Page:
A small group of nurses, employed at a large community hospital, were unhappy about their work environment and would meet daily during lunch to discuss the situation. There had been a recent change in the hospital’s senior management, which caused a high level of uncertainty and anxiety among the nursing staff. The nurses felt overworked as a result of the industry’s current nursing shortage. Their wages and benefits had been stagnant, with no salary market adjustments for the past two years. The nurses saw the situation as management requiring them to do more work with fewer resources, with no appreciation or recognition of their efforts. Whenever the nurses approached management with their concerns, they perceived them as falling on deaf ears since no changes were made.
Feeling like they had no other choice, the nurses contacted a labor union. The labor union began an organizing effort in the hospital shortly thereafter, holding an aggressive campaign over a six-week period. There was tremendous peer pressure, as some of the well-respected nursing staff became active leaders for unionization, although they were not part of the initial group of nurses who had contacted the union. The election was held, and the union was voted in by two-thirds of the nursing staff. In the weeks that followed, the original group of nurses remarked that they were surprised by the union’s victory; they had only wanted to scare management into making changes to their work environment.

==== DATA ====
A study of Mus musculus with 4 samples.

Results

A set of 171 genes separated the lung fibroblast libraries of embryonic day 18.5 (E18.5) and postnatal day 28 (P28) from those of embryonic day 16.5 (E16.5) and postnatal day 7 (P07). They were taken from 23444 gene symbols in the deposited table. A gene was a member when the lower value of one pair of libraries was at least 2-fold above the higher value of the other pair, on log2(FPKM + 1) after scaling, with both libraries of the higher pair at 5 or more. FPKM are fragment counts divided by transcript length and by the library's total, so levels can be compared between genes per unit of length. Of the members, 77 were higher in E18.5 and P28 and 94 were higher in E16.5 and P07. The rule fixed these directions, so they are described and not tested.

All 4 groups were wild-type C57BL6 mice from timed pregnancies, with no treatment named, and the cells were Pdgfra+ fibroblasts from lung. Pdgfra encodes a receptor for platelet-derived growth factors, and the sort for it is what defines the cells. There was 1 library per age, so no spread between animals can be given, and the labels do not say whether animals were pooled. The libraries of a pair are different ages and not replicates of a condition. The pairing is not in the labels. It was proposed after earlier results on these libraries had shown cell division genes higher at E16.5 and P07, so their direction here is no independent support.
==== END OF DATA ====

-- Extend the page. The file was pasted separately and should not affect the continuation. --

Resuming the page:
Using Blake and Mouton’s Leadership Grid, explain and discuss the leadership style displayed by management to the nursing staff. Support your analysis with scholarly sources.
Note: Blake and Mouton’s Leadership Grid can be found in Chapter 9 – Trait and Behavioral Theories of Leadership of Organizational Behavior in Health Care in the Trident Online Library.